Although we had quite a bunch of attendees (I counted 40), only one brought his Towel.
Thanks to our speakers, Martin and I were able to put together a really exciting program:
Moritz Eysholdt, Patching Models and Evolving Meta Models
Heiko Behrens, TMF Xtext
Simon Zambrovski, Common Navigator Framework
Marco Mosconi, Modular EMF/GMF customization with ObjectTeams/Java
Markus Alexander Kuppe, Distributed OSGi (RFC 119) – The ECF way
Moritz presented the result of his master’s thesis on the topic of metamodel evolution and explained how models can evolve together with their metamodels. This might also be of interest for data modeling.
Heiko delivered a great presentation on the upcoming version of Xtext. He used a well-known example that everybody could relate to (no, not entities and services!) so it was really easy to understand how domain specific languages work and how Xtext can help to implement a domain specific tool chain.
Simon presented on the Common Navigator Framework – a powerful framework which helps you to assemble tree views in a mostly declarative manner. Simon was bold enough to do a live coding session, but the demo gods didn’t smile on him, so he showed us the prepared solution, which was still very convincing. Simon prepared an article about the CNF on his blog, so if you’re interested, drop by – it’s worth a read. [
After the break, Marco Mosconi showed how ObjectTeams/Java can be used to non-invasively customize generated code. As a real-world example he used the UML diagrams from the Eclipse UML2Tools project. The UML2Tools project uses GMF to generate the diagram code based on the UML2 metamodel (implemented as an ECore model). A rather large number of generated artifacts have to be customized to make sure the diagrams behave correctly. Marco showed how this is especially required for associations (I find it kind of funny how everybody uses associations to explain how complicated the UML metamodel is). The UML2Tools class diagram has been customized in at least 200 different locations, so you get a big maintenance problem (generated and non-generated code are mingled). With ObjectTeams, it is possible to extract all customization code into so called teams which then are able to enhance the generated code in an aspect oriented way. In a way, ObjectTeams is like AOP on steroids. [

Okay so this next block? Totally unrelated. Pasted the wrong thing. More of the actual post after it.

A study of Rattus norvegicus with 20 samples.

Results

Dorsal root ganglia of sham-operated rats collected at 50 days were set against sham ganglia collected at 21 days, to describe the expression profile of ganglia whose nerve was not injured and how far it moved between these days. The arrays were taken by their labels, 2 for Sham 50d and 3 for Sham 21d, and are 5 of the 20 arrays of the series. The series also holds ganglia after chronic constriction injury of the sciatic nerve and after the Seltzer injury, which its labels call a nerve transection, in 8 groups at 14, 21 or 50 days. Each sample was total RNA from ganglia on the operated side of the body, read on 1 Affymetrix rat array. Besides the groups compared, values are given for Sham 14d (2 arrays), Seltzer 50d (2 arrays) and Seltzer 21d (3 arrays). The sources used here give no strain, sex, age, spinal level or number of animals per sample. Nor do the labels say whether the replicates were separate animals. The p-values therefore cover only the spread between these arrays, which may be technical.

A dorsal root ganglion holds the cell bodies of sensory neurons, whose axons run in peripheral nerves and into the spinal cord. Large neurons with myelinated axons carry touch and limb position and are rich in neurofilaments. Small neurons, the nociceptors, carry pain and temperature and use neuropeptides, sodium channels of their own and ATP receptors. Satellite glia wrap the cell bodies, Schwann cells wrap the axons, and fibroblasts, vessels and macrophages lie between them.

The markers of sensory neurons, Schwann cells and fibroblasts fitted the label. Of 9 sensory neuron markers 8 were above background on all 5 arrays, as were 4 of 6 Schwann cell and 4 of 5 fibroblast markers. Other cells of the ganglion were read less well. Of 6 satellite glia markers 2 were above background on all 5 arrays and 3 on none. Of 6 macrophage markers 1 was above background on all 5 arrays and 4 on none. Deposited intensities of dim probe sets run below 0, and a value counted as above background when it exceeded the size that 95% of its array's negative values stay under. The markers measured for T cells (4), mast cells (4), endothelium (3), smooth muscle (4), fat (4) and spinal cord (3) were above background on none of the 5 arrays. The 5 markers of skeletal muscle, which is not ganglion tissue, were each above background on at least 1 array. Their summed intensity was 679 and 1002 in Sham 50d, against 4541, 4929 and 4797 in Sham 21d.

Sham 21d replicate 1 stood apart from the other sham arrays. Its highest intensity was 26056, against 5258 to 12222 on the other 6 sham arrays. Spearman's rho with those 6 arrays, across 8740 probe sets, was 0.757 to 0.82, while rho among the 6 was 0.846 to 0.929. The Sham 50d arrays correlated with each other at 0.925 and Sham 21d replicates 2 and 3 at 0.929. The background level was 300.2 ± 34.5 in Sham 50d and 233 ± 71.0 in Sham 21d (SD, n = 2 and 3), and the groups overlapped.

The official part of the DemoCamp was concluded by a talk held by Markus Kuppe on Distributed OSGi. Markus briefly explained the architecture behind Distributed OSGi and gave a demo of an Eclipse RCP application that communicated with an iPhone (which ran an Equinox server). Markus used the Eclipse Communication Framework (ECF) to achieve this – ECF contains a provider for Distributed OSGi. [
Eclipse DemoCamps are social events and aim at creating room for discussion and interaction. So, after the official part of the DemoCamp, we headed down to the EAST Bar to have some nice chats over some frosty beverages (I definitely recommend “Cool Mango”).
Feedback has been very positive so far and I surely hope everybody enjoyed the DemoCamp as much as I did. Thanks to the Eclipse Foundation, it-agile and itemis for making this event possible by sponsoring the location and the drinks!